Network configuration, also known as network setup, is about managing a network and its devices by applying the proper set of controls, regulations, and policies. This includes activities ranging from device discovery to backups to create a more efficient network administration.
Why is network configuration important?
The reason network configuration is important is because it’s essential to supporting traffic through a network. In addition, network configuration also supports and enhances security and stability for that network.
What is network configuration management?
Network configuration management is the process of maintaining and organizing information about the components of a network. When a network needs upgrading, the administrator refers to the network configuration management database for the best approach to take.
This is the lifecycle involved in network configuration management:
- Device discovery;
- Inventory maintenance;
- Configuration backup;
- Monitoring configuration changes and compliance; and
- Tracking user activity and troubleshooting.
Examples of Network Configurations
- The full name of the machine;
- The IP address of the machine;
- The subnet mask if the network uses subnets;
- The broadcast address;
- The default router for the machine;
- The loopback port address; and
- The IP address of at least one name server.
What are the different types of network configurations?
Listing of the several types of networks:
- Personal Area Network (PAN) is known as the most basic and smallest type of network configuration that connects devices within proximity. PAN configurations are optimal if you have various types of device operating systems within a network because it allows them all to communicate without compatibility issues.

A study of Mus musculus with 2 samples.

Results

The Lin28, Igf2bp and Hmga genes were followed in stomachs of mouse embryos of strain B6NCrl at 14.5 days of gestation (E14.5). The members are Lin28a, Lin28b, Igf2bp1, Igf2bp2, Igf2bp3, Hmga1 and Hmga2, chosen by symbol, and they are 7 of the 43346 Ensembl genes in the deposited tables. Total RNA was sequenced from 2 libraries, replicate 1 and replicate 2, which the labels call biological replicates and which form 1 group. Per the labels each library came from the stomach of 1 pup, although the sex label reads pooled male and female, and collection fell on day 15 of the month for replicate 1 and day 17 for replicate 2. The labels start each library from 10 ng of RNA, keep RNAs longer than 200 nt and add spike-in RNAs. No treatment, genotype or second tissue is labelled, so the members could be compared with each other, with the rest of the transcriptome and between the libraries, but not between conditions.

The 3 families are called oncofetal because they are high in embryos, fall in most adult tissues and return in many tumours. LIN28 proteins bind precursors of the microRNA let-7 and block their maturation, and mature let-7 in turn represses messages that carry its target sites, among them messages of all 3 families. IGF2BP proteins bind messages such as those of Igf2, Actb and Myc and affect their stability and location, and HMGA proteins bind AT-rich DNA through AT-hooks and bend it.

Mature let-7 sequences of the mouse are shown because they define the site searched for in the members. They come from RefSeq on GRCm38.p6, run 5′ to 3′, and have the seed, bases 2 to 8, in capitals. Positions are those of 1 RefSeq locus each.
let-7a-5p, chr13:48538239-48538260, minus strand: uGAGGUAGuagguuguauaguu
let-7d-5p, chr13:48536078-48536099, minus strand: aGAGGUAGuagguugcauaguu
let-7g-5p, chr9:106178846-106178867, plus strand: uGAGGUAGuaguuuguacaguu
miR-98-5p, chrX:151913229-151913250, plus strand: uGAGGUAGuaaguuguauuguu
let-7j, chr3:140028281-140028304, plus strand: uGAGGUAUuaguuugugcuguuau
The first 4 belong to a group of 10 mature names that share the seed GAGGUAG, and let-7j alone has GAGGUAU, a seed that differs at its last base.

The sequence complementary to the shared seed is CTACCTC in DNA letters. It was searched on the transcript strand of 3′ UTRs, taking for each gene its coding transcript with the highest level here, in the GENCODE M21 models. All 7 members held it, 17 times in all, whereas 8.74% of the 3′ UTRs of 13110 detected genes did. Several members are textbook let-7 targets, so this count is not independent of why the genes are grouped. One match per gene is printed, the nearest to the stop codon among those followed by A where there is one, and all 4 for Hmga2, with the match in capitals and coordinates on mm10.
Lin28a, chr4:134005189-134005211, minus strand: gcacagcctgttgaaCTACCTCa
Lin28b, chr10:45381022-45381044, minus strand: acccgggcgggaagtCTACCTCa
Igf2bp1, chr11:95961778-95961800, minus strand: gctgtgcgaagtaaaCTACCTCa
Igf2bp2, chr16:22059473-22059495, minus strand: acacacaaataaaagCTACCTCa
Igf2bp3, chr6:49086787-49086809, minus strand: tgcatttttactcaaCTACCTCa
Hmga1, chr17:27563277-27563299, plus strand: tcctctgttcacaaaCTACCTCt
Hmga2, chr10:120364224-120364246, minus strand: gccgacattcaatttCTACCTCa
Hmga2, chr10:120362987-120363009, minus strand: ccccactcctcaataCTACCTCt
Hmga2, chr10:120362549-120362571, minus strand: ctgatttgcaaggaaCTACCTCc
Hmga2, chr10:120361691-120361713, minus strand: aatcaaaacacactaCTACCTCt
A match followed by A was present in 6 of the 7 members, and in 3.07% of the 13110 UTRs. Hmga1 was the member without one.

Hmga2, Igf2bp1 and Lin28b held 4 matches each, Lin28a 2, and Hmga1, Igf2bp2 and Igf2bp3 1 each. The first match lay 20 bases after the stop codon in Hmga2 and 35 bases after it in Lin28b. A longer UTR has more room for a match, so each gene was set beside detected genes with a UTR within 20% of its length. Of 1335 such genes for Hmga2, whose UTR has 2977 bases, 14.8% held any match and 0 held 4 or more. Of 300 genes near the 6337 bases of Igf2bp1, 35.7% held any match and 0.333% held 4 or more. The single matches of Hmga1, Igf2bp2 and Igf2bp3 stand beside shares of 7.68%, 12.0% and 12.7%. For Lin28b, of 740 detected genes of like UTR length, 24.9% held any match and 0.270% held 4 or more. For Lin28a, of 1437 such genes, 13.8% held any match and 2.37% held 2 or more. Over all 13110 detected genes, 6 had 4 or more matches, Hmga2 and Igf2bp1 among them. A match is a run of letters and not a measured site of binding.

- Local Area Network (LAN) configuration is for multiple computers connected via Ethernet cables over short distances within a building. When connecting computers in a LAN, you will need an Ethernet switch that connects all types of devices together seamlessly.
- Wireless Local Area Network (WLAN) enables wireless communication for multiple devices over short distances, usually from the same building.
- Campus Area Network (CAN) is considered a local area network primarily used by vehicles. CANs don’t require cables; however, they do need an internet connection so drivers must plan where they will get service before setting off.
- Virtual Private Network (VPN) uses encrypted connections across the internet from one device to the network. The VPN provides a secure tunnel between the VPN client and the organization’s VPN server, which prevents the cyber attacker from seeing sensitive information. One of the main benefits of a VPN is that when you’re connected to the internet via a VPN, websites cannot see your real IP address. All that can be seen is the IP address of the VPN server.
- Metropolitan Area Network (MAN) connects devices located within a particular city, and typically covers large areas. Common places this form of network configuration is seen is at airports and transportation hubs where mobile users depend on high-speed connectivity while on the move.
- Storage Area Network (SAN) is a high-speed network connecting multiple servers to a high-capacity disk array using fiber optic cables. The unique function of SAN is it provides a storage capacity that would be otherwise unavailable in a networked system because of the amount or types of files stored.